Visit Us at Emerald City Comicon!

Posted by | March 27, 2015 | News | No Comments
ECCC floor plan

Today’s the day!

Emerald City Comicon has officially commenced, and we would love to see you! Pixelkin will be at booth #407 with candy, stickers, and a scavenger hunt.

(The secret password is rosebud.)

If you have Sunday passes, you can stop by our panels:

So Your Kids Want to Make Video Games
11:00 a.m., Hall J

Lots of kids want to make video games when they grow up, but there are actually tools available to help them make games right now. This panel features developers behind ROBLOX, Project Spark, and Coder Dojo. Panelists will give kids tips on how to make games now and in the future.

Moderator: Simone de Rochefort (Video Producer, Pixelkin)
Speakers: Jack DeVries (PR and Communications Specialist at ROBLOX), Sax Persson (studio manager and executive producer for Project Spark), Greg Bulmash (Content Developer at Microsoft, Organizer of Seattle CoderDojo)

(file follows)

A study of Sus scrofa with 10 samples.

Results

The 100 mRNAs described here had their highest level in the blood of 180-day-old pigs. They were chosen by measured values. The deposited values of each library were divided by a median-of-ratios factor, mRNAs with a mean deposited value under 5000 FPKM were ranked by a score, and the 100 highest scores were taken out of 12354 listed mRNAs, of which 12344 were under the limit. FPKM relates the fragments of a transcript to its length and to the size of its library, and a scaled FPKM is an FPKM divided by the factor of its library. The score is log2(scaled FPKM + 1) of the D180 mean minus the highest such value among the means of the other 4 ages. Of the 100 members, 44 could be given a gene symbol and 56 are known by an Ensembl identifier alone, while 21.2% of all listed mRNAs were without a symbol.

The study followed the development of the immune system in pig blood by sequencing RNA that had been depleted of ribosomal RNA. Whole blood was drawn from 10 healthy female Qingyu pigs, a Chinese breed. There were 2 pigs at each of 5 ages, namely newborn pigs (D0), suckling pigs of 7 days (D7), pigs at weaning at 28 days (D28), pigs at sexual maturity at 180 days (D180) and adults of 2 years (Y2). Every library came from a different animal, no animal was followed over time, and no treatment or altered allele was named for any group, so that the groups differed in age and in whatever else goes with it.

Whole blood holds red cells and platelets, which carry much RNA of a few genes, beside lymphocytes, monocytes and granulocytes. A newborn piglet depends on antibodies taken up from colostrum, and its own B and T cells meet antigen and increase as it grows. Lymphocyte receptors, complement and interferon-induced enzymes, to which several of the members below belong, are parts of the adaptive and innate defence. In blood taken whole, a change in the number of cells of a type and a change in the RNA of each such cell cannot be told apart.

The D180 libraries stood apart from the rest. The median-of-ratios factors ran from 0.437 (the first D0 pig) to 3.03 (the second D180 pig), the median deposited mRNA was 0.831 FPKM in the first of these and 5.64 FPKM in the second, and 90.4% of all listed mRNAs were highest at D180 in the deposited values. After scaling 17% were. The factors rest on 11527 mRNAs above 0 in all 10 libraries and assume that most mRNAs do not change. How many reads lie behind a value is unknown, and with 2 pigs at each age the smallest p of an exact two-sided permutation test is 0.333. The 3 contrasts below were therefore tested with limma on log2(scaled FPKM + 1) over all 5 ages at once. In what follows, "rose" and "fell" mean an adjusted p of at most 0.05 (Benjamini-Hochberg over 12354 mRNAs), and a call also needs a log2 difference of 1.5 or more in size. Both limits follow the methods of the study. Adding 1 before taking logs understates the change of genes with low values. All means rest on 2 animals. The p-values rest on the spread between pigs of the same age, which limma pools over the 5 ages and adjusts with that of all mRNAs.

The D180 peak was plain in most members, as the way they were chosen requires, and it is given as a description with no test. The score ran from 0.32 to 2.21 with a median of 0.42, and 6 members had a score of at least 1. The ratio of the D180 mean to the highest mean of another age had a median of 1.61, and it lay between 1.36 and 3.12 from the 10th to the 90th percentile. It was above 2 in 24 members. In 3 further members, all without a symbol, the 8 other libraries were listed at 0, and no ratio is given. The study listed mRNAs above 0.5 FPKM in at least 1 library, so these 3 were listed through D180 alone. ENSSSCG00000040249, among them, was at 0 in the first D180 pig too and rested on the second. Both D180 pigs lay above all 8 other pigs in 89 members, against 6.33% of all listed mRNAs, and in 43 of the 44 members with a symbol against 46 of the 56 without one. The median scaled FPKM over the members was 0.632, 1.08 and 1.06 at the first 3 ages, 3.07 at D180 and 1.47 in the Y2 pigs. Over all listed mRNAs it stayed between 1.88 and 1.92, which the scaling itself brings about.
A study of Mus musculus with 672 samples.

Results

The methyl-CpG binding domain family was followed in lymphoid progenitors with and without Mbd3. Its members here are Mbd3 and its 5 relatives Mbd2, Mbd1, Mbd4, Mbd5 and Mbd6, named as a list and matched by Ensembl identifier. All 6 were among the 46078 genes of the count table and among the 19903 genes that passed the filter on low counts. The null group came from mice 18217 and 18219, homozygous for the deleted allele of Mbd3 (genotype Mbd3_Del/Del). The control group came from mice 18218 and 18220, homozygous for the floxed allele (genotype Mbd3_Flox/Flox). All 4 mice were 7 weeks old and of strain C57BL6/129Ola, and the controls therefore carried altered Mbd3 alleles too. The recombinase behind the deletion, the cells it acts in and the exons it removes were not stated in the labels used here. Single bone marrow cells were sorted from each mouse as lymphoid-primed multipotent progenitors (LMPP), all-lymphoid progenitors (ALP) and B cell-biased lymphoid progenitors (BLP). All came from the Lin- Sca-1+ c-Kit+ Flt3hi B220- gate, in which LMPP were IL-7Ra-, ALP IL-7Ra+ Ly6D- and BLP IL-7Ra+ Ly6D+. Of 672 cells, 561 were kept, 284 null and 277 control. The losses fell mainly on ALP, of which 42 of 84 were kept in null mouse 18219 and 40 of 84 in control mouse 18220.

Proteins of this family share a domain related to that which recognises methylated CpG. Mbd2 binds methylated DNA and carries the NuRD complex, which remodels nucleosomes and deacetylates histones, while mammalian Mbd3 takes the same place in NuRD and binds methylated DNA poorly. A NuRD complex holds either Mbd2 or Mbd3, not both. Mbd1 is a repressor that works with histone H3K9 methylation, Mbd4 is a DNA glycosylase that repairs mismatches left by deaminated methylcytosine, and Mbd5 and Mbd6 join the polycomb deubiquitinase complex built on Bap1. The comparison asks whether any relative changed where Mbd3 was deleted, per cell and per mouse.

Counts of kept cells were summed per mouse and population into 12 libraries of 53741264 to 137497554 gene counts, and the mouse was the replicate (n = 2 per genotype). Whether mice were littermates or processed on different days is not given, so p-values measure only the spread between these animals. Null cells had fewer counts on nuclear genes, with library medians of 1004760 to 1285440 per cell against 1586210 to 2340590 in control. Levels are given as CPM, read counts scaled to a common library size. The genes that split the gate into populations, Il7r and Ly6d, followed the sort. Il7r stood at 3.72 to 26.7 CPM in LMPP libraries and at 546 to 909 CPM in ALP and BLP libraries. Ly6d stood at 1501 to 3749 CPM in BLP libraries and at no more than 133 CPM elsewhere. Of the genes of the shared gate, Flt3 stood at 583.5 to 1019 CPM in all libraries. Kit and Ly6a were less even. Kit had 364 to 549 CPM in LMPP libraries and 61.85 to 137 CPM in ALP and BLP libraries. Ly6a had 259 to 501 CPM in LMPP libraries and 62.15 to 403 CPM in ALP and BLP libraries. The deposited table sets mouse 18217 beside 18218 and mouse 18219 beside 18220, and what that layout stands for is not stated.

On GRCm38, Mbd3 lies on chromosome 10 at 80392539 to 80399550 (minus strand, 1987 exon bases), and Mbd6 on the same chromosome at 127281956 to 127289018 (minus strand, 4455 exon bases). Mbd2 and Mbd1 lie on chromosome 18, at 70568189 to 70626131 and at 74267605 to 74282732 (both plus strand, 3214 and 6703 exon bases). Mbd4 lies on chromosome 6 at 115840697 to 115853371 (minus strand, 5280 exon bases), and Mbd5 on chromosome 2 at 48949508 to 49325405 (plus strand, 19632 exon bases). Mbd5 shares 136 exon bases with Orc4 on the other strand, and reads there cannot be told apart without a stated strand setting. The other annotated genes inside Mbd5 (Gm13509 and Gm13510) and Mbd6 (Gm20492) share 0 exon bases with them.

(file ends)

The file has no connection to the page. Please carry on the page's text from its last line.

Pixelkin’s two panels are conveniently next door to one another!

Geeky Parents Unite: Defending Your Kids’ Love of Games and to Parents Who Just Don’t Get It
11:50 a.m., Hall I

Some parents think video games are bad for kids and can be judgmental toward parents who encourage their kids to play games. Hear personal stories, strategies, and the latest research from gaming parents about how they defend letting their kids play games to parents who just don’t get it.

Moderator: Nicole Tanner (Managing Editor, Pixelkin)
Speakers: Linda Breneman (publisher of Pixelkin), Aina Braxton (Program Manager at UW Bothell’s Digital Futures Lab), Chris Charla (director of ID@Xbox at Microsoft), Sax Persson (studio manager and executive producer for Project Spark), Kelly Knox (writer for GeekMom.com)


About Courtney Holmes

Courtney is Pixelkin's Associate Managing Editor. While working with the Girl Scouts of Northern California, she mentored young girls in teamwork, leadership, personal responsibility, and safety. Today, she spends her time studying adolescent development and using literary analysis techniques to examine video games.